This Tuesday is Election Day, and St. Paul has many races on the ballot. Mayor Chris Coleman is facing three challengers in his bid for a third term, three members will be elected to the St. Paul School Board, and a special election will be held to elect a new City Councilmember in Ward 1. Below, get information on all the candidates on the ballot, and when and where to vote. Information for biographies obtained from the Twin Cities Daily Planet and The Villager unless noted.
Sharon Anderson — No party endorsement. Perennial candidate who has run for various offices (many as a Republican) in the past 20 years. A biography on her website describes her as a “Widow, Whistleblower, Learned in High Tech, Blogger, Real Estate Entrepreneur, Home-Grown, Hometown, St. Paul Central Grad, School of Hard Knocks, Understands Separation of Powers, Mayor Executive must expose the City’s Case Fixing Issues to deprive the Average Citizen of Equity and Tax Relief.”
Chris Coleman — DFL-endorsed. Incumbent mayor, first elected in 2006. A St. Paul native, he attended the University of Minnesota, became a public defender and eventually started a private practice. Previously served as President of local District Council and Ward 2 City Council member. Endorsed by the Star Tribune and Pioneer Press.
Tim Holden — No party endorsement. Obtained a degree from St. Cloud State in criminal justice. Worked with St. Paul and Newport police special task forces. Has worked as a realtor and general contractor. Concerned with small-business environment in St. Paul and disruptions from the Central Corridor light-rail line.
Kurt Dornfeld — No party endorsement- A St. Paul native, his campaign tag is “I don’t walk their walk or talk their talk.” A street maintenance worker who is listed on the ballot as Kurt “Dirty Kurty” Dornfeld.
School Board (vote for 3)
John Brodrick — DFL-endorsed. Incumbent, first elected to School Board in 2001. Attended St. Paul Public Schools, worked as a teacher and coach at Como Park High School for 34 years. Endorsed by the Star Tribune.
Terrance Bushard — No party endorsement. Lifelong resident of Merriam Park, studied Business at the University of Minnesota. Supports increased financial education for high school seniors. no website listed
Greg Copeland — Republican-endorsed. Public administration consultant to the city of Maplewood. Supports reallocating school district spending and public contract negotiations.. no website listed
Jean O’Connell — DFL-endorsed. Incumbent, first elected as School Board Chair in 2009. After a career at 3M, she retired to work as a tutor and ran for the School Board. Led the initaitive to pass the 2012 school funding referendum. Endorsed by the Star Tribune and Pioneer Press.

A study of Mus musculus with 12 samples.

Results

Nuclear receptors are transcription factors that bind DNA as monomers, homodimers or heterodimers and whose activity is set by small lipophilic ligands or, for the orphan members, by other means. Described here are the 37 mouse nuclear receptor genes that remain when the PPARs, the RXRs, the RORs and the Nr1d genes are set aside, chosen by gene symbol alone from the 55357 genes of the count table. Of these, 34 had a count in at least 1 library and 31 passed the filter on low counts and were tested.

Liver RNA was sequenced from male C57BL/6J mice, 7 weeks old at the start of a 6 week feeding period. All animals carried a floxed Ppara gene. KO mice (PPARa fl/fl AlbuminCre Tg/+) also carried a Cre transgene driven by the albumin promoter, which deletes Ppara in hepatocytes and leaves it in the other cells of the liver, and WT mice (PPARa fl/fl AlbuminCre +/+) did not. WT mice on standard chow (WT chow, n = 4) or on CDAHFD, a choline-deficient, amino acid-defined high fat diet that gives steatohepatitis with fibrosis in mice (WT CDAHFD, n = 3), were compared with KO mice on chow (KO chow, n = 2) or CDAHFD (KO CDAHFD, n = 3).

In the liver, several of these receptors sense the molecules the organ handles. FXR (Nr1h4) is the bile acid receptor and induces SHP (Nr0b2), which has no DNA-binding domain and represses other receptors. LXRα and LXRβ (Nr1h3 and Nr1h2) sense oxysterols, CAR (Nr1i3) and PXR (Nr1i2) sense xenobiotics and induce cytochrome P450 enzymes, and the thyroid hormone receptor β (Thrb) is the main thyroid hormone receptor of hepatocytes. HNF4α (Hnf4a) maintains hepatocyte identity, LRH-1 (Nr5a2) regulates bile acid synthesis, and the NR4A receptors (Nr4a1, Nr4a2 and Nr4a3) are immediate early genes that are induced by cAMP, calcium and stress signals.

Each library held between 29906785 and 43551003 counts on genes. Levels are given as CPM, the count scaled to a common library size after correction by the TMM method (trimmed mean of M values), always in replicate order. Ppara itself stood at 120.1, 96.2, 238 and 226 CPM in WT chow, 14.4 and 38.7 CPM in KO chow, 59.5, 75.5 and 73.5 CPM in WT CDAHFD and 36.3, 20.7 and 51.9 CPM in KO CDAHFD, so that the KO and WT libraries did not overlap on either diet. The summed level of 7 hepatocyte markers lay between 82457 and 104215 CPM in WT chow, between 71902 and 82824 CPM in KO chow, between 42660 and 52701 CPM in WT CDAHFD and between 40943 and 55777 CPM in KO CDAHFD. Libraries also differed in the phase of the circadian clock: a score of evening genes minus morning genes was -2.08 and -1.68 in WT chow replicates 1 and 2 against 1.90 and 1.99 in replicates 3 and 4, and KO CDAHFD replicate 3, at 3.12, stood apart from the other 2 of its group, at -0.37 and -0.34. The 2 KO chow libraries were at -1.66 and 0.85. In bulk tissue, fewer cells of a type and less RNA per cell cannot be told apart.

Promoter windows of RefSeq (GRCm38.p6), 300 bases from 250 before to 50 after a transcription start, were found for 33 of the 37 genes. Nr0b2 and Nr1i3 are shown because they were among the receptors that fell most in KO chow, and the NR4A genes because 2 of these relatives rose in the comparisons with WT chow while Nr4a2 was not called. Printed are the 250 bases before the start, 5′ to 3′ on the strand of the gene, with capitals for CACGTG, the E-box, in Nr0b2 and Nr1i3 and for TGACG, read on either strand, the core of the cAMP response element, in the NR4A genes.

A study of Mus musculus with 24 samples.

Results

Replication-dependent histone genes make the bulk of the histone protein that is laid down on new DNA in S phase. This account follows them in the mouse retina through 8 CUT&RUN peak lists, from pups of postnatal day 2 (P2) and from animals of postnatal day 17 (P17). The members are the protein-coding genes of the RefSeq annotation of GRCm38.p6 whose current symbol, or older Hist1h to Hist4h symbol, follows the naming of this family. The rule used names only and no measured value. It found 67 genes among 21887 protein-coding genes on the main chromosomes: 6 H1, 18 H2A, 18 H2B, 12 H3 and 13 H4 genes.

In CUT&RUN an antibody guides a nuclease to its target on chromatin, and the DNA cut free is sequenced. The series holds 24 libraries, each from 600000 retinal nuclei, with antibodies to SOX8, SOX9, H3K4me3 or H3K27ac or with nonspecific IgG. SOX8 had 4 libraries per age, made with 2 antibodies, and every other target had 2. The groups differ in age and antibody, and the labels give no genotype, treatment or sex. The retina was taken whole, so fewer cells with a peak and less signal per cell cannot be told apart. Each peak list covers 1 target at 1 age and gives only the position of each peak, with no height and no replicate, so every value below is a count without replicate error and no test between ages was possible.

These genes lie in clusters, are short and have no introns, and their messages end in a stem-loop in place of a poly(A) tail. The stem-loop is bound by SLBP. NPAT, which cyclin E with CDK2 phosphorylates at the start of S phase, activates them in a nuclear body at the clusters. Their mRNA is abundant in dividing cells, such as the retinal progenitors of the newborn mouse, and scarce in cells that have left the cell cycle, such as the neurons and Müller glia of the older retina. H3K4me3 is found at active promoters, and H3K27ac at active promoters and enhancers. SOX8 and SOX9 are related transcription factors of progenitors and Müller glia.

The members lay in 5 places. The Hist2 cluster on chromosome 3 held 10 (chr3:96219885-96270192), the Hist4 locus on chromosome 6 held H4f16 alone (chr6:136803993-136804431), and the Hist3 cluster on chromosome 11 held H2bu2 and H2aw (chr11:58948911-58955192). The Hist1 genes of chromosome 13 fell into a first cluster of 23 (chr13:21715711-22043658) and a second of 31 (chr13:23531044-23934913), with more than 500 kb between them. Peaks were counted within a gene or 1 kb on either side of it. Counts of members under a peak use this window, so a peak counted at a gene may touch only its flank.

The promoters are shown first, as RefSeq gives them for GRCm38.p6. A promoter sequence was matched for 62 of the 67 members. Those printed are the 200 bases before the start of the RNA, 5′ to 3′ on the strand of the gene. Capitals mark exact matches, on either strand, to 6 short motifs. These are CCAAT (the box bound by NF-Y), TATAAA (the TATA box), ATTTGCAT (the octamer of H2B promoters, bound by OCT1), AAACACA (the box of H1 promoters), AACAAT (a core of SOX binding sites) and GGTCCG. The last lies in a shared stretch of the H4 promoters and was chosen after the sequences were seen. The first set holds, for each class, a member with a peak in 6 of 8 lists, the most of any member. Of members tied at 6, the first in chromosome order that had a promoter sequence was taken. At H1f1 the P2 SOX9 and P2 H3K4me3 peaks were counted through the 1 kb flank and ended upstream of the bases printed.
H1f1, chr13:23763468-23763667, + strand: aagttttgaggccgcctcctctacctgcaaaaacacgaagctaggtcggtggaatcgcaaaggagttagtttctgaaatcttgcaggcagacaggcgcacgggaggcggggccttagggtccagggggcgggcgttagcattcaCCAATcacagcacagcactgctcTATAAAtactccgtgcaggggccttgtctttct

Chue Vue — DFL-endorsed. Attorney and resident of the Frogtown neighborhood. Former research chemist who immigrated from Laos at age 10. Has three children enrolled in St. Paul Public Schools. Endorsed by the Star Tribune.
Ward 1 City Council
Paul Holmgren — Republican-endorsed. Retail associate at OfficeMax. “I pay my bills and balance my checkbook,” he said. “We need that in government.”
Johnny Howard — Green-endorsed. Community organizer. “[I have] deep knowledge of the strength and resilience of people here,” he said.
Kazoua Kong-Thao — Longtime St. Paul resident, community organizer. Former member and Chair of the St. Paul School Board, Director of Equity and Diversity in Minneapolis Public Schools.
Debbie Montgomery — Former St. Paul police commander and City Councilmember. Studied Public Safety Administration.
Noel Nix — Legislative Aide to current Ward 1 City Councilmenber. Studied Urban and Regional Planning. Endorsed by the Star Tribune.
Dai Thao — Active in Hmong organizing circles and progressive action organizations. “I know what it means to struggle for survival, to work hard to get ahead, to be determined, and to have hope,” he said.
Mark Voerding — Assistant to Ramsey County Commissioner.
This Tuesday, voters will have the option to rank candidates for mayor and Ward 1 city council by their preference. Ranked voting provides six boxes with lists of candidates. The boxes correspond to a ranking and voters fill in a bubble next to the name of the candidate that corresponds with the box. New ballots are available upon request if a voter makes a mistake.
How to Vote
If you’re already registered in Minnesota, you don’t need to register again.
If you live on-campus, all you need to bring is a student ID.
If you live off-campus, bring a student ID as well as proof of address, such as a utility bill or other document that has your address.
Polls are open from 7 a.m. to 8 p.m.